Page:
Feeds

NHS patient bar codes slammed

Patients are not 'boxes of bandages': NO2ID

HP ProLiant Gen8: Integrated lifecycle automation

The NHS has proposed making patients wear bar code bracelets or RFID tags as a way of saving hospital time and money, but identity card opponents have said that the measure means treating patients "like boxes of bandages".

Dismissing government claims on cost savings and past success as "purely anecdotal", anti-identity card campaigner and head of NO2ID Phil Booth said there was little evidence that Radio Frequency Identification (RFID) and bar codes would fix the NHS's claimed £2bn cost of mistaken identity.

"At present errors, many of which are caused by getting the patient identity wrong, cost the NHS around £2bn in extra bed days," said a statement from the Department of Health on the proposal to use the identifiers. "Auto-identification could make a significant impact on this cost."

But Booth said he was "very suspicious of the £2bn figure on losses". "Precisely how much of this is down to misidentification of patients? And if it's so much, then why the hell haven't they fixed it before now? If they gave an accurate figure for extra bed-time due to misidentification, would it reveal that the cost/benefit really isn't there?"

The Department of Health has agreed a set of standards on which all future NHS ID systems will operate, and has released a statement saying that the NHS and patients will benefit from bar coding technology.

"This document sets out a clear case for the use of auto identification and capture technology by industry and the NHS in order to save lives, reduce mistakes, and improve efficiency," said Health Minister Lord Hunt.

"By wearing a bar-coded wristband a bar code reader can be used to verify the patient's identity at any time, and be an extra check that the right patient is about to received the right care," said the Department of Health statement.

The department announced a deal with GS1UK to use the GS1 coding system for bar codes and RFID tags. It is not mandating the use of tags, but is recommending them and recommending the adoption of a common technical standard.

As an example of good practice, the statement singled out Heartlands Hospital in Birmingham, which has used RFID bracelets to identify patients. RFID is still a controversial technology when used in human identification, because many systems have been shown to beam a person's identity to chip readers other than those belonging to operator of the system.

Booth, though, said that the whole operation exemplified what he sees as the current Government's apparent desire to "RFID everything in sight".

"I'm still not convinced that even a single-purpose bar-coded wristband plus printers, scanners, etc. would be more cost effective or risk-reducing than redesigning the bands themselves to be filled in more legibly," said Booth. "Has the Department of Health done proper comparative trials? The Heartlands Trust stuff quoted is just anecdotal, and the case study is about supply chain, not healthcare. It is really great to hear we're going to be treating patients like boxes of bandages and bottles of pills."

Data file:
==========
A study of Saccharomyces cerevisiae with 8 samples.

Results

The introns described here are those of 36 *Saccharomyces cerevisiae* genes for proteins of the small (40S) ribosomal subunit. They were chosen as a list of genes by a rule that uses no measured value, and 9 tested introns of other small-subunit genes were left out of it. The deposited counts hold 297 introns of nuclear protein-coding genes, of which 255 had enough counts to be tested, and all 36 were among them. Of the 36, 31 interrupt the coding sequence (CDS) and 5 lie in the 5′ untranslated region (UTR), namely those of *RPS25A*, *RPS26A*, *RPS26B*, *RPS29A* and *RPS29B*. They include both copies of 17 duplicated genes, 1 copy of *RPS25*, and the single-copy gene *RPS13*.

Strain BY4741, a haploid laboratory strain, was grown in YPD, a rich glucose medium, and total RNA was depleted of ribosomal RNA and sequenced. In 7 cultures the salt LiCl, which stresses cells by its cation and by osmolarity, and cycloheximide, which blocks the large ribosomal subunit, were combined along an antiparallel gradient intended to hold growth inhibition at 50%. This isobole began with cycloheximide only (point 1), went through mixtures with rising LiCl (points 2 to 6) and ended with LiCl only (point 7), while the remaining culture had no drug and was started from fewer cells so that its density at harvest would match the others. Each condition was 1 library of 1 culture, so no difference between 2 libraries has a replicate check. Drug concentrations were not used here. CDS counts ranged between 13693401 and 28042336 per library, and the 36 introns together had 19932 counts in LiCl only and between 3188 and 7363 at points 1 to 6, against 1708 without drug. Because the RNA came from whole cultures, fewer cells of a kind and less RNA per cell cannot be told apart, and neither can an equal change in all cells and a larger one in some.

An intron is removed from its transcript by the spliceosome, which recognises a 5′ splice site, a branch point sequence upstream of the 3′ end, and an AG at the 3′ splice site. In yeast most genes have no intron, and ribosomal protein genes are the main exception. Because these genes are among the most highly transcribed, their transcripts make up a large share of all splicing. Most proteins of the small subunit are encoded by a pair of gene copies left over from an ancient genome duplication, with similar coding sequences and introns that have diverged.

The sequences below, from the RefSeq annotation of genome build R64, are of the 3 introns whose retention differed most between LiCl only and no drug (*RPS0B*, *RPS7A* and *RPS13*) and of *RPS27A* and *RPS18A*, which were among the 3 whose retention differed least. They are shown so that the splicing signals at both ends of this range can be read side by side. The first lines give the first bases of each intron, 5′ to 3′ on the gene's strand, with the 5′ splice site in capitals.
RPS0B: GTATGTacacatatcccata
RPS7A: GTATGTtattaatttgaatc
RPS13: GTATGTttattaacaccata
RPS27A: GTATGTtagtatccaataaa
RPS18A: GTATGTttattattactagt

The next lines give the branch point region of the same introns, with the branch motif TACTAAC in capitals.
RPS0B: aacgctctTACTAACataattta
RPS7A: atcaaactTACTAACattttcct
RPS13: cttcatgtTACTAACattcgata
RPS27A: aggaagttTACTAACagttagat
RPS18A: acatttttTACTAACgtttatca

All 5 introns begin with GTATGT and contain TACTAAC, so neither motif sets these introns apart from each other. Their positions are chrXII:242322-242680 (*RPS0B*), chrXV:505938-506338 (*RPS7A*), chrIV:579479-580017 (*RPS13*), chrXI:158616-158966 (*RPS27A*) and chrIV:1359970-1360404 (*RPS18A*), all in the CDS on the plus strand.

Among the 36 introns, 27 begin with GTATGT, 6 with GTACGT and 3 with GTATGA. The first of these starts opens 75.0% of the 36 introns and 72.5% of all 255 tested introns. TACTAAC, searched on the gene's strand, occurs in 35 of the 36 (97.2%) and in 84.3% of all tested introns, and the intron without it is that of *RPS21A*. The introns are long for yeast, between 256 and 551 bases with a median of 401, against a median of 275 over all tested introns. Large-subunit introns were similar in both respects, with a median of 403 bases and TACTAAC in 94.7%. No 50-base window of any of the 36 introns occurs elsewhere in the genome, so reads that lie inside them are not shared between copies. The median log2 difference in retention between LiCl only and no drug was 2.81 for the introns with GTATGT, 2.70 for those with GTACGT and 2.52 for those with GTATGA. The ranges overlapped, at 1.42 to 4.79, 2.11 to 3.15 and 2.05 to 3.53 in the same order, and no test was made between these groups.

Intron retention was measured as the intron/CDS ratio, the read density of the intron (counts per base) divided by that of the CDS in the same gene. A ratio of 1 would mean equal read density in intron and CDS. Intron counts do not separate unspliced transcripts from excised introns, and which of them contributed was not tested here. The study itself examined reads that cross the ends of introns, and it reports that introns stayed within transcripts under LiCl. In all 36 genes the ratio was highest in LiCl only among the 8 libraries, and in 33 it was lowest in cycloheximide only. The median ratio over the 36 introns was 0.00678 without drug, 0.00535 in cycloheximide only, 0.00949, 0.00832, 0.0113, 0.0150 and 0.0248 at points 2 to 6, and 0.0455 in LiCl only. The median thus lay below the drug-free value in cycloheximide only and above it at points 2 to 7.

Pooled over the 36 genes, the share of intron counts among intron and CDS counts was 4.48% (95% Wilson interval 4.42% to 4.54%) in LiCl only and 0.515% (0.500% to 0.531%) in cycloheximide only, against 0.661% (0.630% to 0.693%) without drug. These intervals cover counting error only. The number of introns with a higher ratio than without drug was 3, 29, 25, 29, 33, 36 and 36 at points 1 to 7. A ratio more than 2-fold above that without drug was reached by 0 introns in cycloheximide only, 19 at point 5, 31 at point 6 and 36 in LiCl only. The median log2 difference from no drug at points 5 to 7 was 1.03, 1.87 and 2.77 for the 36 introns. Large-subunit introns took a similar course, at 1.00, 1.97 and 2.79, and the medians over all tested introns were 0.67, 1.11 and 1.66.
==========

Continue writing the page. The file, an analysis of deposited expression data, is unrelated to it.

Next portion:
The Department released the information about the technology when launching a new report called Coding for Success: simple technology for safer patient care.

Copyright © 2007, OUT-LAW.com

OUT-LAW.COM is part of international law firm Pinsent Masons.

Bridging the IT gap between rising business demands and ageing tools

More from The Register

next story
Arrr: Freetard-bothering Digital Economy Act tied up, thrown in the hold
Ministry of Fun confirms: Yes, we're busy doing nothing
Help yourself to anyone's photos FOR FREE, suggests UK.gov
Copyright law reforms will keep m'learned friends busy
Apple smacked with privacy sueball over Location Services
Class action launched on behalf of 100 million iPhone owners
US judge: YES, cops or feds so can slurp an ENTIRE Gmail account
Crooks don't have folders labelled 'drug records', opines NY beak
ONE EMAIL costs mining company $300 MEEELION
Environmental activist walks free after hoax sent share price over a cliff
UK government officially adopts Open Document Format
Microsoft insurgency fails, earns snarky remark from UK digital services head
You! Pirate! Stop pirating, or we shall admonish you politely. Repeatedly, if necessary
And we shall go about telling people you smell. No, not really
prev story

Whitepapers

Designing a Defense for Mobile Applications
Learn about the various considerations for defending mobile applications - from the application architecture itself to the myriad testing technologies.
Implementing global e-invoicing with guaranteed legal certainty
Explaining the role local tax compliance plays in successful supply chain management and e-business and how leading global brands are addressing this.
Top 8 considerations to enable and simplify mobility
In this whitepaper learn how to successfully add mobile capabilities simply and cost effectively.
Seven Steps to Software Security
Seven practical steps you can begin to take today to secure your applications and prevent the damages a successful cyber-attack can cause.
Boost IT visibility and business value
How building a great service catalog relieves pressure points and demonstrates the value of IT service management.